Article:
Almost 1,200 people were prosecuted and convicted for tax and superannuation offences in Australia last year, new figures show.
The statistics were released by Tax Commissioner Michael D'Ascenzo, who said that: “The ATO's use of sophisticated data matching technology is helping to close the net around those exploiting the tax and super systems.”
In total, 48 people were prosecuted and convicted of serious tax crime offences, with sentences ranging from three months to nine years and 11 months. Six of these convictions occurred under Project Wickenby, a cross-agency task force established in 2006 to prevent the promotion of or participation in illegal offshore structures.
From its launch to January 31, 2012, Project Wickenby has resulted in AUD1.26bn (USD1.32bn) in tax liabilities raised, and AUD597.14m in tax collected. 65 people have been charged under the project with serious offences, with 22 people convicted.
1,149 people and 370 companies were prosecuted and convicted for other tax offences in 2011. Such offences included failing to lodge a tax return, providing false and misleading information, or receiving a fee for preparing an income tax return when not being a registered tax agent.
As part of its Compliance Program the ATO is also increasing its focus on non-complying taxpayers in the goods and services tax (GST) system. Last year’s budget provided AUD337m in funding for this project over the next four years. The emphasis is on identifying people who do not lodge their business activity statements, and detecting businesses that over-claim entitlements or deliberately under-report taxable supplies that they make. In 2011, the ATO prosecuted 545 individuals and 211 companies for over AUD12.55m worth of GST offences.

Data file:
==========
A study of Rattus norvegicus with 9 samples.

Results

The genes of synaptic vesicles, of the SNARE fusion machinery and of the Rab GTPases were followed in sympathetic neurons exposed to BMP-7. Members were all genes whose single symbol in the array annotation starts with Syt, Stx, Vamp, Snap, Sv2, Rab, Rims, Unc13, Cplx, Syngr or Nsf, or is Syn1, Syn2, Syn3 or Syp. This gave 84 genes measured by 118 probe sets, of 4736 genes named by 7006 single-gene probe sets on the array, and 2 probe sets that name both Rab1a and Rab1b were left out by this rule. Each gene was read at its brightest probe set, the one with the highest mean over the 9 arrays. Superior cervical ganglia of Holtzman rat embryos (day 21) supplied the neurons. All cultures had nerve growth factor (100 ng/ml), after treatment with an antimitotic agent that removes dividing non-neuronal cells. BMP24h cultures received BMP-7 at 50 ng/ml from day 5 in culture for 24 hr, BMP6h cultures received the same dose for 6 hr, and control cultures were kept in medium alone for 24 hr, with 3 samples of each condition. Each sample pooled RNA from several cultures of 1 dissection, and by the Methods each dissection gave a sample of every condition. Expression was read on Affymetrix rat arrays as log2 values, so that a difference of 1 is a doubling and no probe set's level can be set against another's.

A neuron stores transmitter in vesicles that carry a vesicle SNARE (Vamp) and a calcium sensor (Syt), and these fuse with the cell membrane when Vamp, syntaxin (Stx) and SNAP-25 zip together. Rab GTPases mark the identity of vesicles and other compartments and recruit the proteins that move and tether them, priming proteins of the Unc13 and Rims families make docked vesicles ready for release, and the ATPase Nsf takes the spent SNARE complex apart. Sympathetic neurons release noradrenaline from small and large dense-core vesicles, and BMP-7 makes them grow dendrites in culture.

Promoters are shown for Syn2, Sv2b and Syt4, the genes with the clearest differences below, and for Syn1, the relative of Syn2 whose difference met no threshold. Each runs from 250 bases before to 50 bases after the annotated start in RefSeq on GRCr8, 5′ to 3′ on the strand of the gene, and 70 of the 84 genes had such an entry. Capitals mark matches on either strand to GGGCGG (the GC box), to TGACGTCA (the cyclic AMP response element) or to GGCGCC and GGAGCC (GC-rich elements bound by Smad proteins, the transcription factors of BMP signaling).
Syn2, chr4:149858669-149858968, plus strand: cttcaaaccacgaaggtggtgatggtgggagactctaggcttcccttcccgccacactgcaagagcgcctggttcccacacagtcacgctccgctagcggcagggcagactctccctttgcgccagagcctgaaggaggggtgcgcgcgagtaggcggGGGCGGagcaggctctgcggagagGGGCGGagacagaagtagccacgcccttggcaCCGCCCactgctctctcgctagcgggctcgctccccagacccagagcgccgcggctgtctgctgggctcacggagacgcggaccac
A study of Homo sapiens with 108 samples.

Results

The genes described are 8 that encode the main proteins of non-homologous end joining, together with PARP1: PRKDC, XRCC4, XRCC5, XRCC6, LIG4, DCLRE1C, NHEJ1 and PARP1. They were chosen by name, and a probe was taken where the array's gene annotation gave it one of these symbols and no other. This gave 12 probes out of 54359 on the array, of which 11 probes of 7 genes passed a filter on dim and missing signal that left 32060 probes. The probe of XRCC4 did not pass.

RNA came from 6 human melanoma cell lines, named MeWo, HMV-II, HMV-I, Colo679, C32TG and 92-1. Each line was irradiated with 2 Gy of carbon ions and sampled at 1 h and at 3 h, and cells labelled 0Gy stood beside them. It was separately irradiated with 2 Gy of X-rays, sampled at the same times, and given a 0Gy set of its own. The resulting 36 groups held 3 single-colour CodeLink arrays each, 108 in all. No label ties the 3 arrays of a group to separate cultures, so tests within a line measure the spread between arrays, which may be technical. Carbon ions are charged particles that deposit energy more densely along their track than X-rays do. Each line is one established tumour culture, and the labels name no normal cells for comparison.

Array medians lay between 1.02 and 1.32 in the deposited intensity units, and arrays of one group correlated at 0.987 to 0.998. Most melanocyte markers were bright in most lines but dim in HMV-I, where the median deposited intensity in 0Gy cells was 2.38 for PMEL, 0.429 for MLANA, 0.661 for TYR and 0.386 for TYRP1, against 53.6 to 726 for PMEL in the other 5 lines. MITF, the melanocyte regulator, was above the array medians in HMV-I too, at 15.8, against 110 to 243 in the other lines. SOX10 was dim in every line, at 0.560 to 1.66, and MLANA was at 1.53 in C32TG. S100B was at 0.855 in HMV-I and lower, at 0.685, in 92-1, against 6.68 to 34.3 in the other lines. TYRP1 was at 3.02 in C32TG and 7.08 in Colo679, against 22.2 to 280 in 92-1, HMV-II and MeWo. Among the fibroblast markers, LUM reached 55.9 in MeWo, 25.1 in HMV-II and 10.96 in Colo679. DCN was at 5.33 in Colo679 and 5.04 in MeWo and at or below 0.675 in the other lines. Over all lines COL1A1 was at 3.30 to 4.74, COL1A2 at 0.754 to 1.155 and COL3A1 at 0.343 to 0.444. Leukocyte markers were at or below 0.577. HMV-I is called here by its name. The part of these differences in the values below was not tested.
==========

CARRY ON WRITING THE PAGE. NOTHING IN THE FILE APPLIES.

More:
Also increased is the ATO’s scrutiny of businesses deliberately not reporting cash income. Over 1.9m small businesses were evaluated against the ATO's risk detection systems during 2011. Last year, the ATO prosecuted 41 individuals and nine companies for over AUD3.22m worth of cash economy offences.
Commenting on the figures, D'Ascenzo said:
“People deliberately committing tax evasion are often caught by the sharing of information between government departments and other third parties. Cooperation across government departments has led to increased intelligence sharing and improved information gathering which is driving our data matching capabilities to new levels."
"We use advanced technology to bring together information from a range of government departments and other third parties to cross check personal and business records such as car registrations and supply orders for businesses. The ATO also undertakes risk profiling to identify people and businesses that may have not declared all their earnings or overinflate their deductions."
"We can see how personal and business claims compare to other tax payers. If alarms are raised the ATO investigates those claims and taxpayer records more closely."